Lyft Hit With $200,000 Penalty for Shortage of Shared Bikes

A Lyft/Bay Wheels bike station on Howard Street in downtown San Francisco, August 2019.  (Dan Brekke/KQED)

The Metropolitan Transportation Commission is hitting Lyft with a penalty of nearly $200,000 for failing to keep an agreed-upon number of bicycles on the streets as part of its Bay Wheels bike-share program.

The penalty is mostly the result of Lyft's decision in April to take electric-assist bikes out of service following reports of braking problems. The company made a similar move last week, when it withdrew a brand-new fleet of e-bikes after battery packs on four of the cycles caught fire.

Removing the bikes this spring meant the company was unable to deliver on its contractual obligation to provide a minimum number of bikes for riders in the five cities served by Bay Wheels, formerly called Ford GoBike: San Francisco, San Jose, Oakland, Berkeley and Emeryville.

In San Francisco, for instance, Lyft is obligated under a series of key performance indicators to continually provide about 1,800 bikes for shared use -- 90 percent of its total city fleet of 2,000 or so two-wheelers.

To guarantee flexibility for riders, Lyft is also required under its MTC contract to ensure that both bicycles and dock space remain available throughout the bike-share network from 6 a.m. to 10 p.m. every day


The MTC says that for the three months between April 1 and June 30, bicycle availability in the Lyft/Bay Wheels network fell to 60 percent -- far below the 90 percent requirement. The agency also recorded 2,632 instances, or about 30 a day on average, when Lyft violated the requirement to have bikes or docking space available in each cluster of stations throughout its service area.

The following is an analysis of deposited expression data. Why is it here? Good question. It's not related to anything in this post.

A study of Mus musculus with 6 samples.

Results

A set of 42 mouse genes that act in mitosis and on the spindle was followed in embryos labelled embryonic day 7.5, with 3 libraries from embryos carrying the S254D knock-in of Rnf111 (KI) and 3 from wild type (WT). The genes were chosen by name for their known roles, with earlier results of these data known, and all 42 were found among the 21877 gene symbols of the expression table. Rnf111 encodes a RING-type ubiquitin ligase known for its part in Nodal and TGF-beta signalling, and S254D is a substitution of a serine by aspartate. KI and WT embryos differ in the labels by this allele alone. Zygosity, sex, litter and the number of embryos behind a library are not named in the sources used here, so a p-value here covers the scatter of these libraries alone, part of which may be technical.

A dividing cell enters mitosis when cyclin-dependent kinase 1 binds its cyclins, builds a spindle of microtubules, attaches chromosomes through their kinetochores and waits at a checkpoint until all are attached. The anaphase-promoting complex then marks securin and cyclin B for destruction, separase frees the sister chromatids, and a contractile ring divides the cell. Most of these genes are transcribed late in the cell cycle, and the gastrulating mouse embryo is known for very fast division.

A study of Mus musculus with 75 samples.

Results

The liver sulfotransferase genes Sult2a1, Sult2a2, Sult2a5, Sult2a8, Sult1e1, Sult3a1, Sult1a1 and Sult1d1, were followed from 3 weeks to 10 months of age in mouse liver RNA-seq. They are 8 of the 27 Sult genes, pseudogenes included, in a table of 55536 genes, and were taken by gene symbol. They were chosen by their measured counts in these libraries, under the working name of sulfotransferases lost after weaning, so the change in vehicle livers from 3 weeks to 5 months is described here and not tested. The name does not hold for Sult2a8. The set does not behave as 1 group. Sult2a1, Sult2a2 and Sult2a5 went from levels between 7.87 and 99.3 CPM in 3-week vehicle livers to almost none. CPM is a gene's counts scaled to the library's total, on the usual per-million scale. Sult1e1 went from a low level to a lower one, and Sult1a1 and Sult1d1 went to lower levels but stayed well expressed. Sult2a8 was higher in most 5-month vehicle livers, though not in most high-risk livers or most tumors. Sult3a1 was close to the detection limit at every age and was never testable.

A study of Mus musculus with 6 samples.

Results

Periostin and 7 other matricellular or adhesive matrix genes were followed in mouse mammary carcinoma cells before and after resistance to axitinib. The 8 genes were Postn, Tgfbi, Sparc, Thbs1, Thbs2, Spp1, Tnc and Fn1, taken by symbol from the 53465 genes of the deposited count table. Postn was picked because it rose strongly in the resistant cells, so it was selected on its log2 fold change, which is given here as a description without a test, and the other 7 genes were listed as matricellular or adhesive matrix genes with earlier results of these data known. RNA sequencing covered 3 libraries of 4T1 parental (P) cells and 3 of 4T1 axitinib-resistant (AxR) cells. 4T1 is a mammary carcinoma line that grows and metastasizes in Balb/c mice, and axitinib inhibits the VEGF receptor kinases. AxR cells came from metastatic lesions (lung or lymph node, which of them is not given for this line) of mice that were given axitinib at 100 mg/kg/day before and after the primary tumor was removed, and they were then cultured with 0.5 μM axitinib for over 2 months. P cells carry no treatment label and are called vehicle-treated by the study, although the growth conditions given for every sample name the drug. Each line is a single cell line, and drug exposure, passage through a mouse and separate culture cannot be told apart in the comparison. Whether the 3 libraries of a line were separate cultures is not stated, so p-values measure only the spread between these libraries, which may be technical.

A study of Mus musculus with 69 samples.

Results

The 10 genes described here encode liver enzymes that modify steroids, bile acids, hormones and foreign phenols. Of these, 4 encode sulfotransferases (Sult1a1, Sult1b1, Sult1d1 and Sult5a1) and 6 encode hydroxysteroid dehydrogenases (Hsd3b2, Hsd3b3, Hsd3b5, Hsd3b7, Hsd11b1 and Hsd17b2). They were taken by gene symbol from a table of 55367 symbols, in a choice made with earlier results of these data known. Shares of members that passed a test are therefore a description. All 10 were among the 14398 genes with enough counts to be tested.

Under its contract with the MTC, Lyft is liable for damages when it misses those targets or others, including ensuring that docking stations remain free from graffiti and responding promptly to phone and email queries.

The MTC says Lyft's penalty for missing the bike availability targets totals $195,540. Violations of other key performance indicators -- including $9,600 for 128 instances in which the company didn't clean or remove litter from its docking stations as required -- brought the total damages for the April-June quarter to $209,106.

In a statement Tuesday, Lyft acknowledged the penalty and said the violations grew out of a concern for customers who might have been endangered by its bikes' braking problems.

"Putting rider safety first has reduced our bike availability, and we'll certainly have to pay penalties for it — but we know it was the right thing to do," the statement said.

The MTC's calculations aside, it's nearly certain that Lyft will pay just a fraction of the assessed damages. That's because the penalty is capped at 4% of Bay Wheels membership revenue.

In 2018, the MTC assessed $356,732 in damages against the bike-share network, mostly for violations involving station cleaning, graffiti removal and bike availability.

But with the 4% revenue cap in place, the amount actually paid was $122,839, or a little less than one-third of the total penalty amount.

The MTC distributed the fines to the five bike-share cities based on the number of violations that occurred in each. Oakland received $54,807, followed by San Francisco with $32,921; San Jose with $27,857; Berkeley, $6,339; and Emeryville, $915.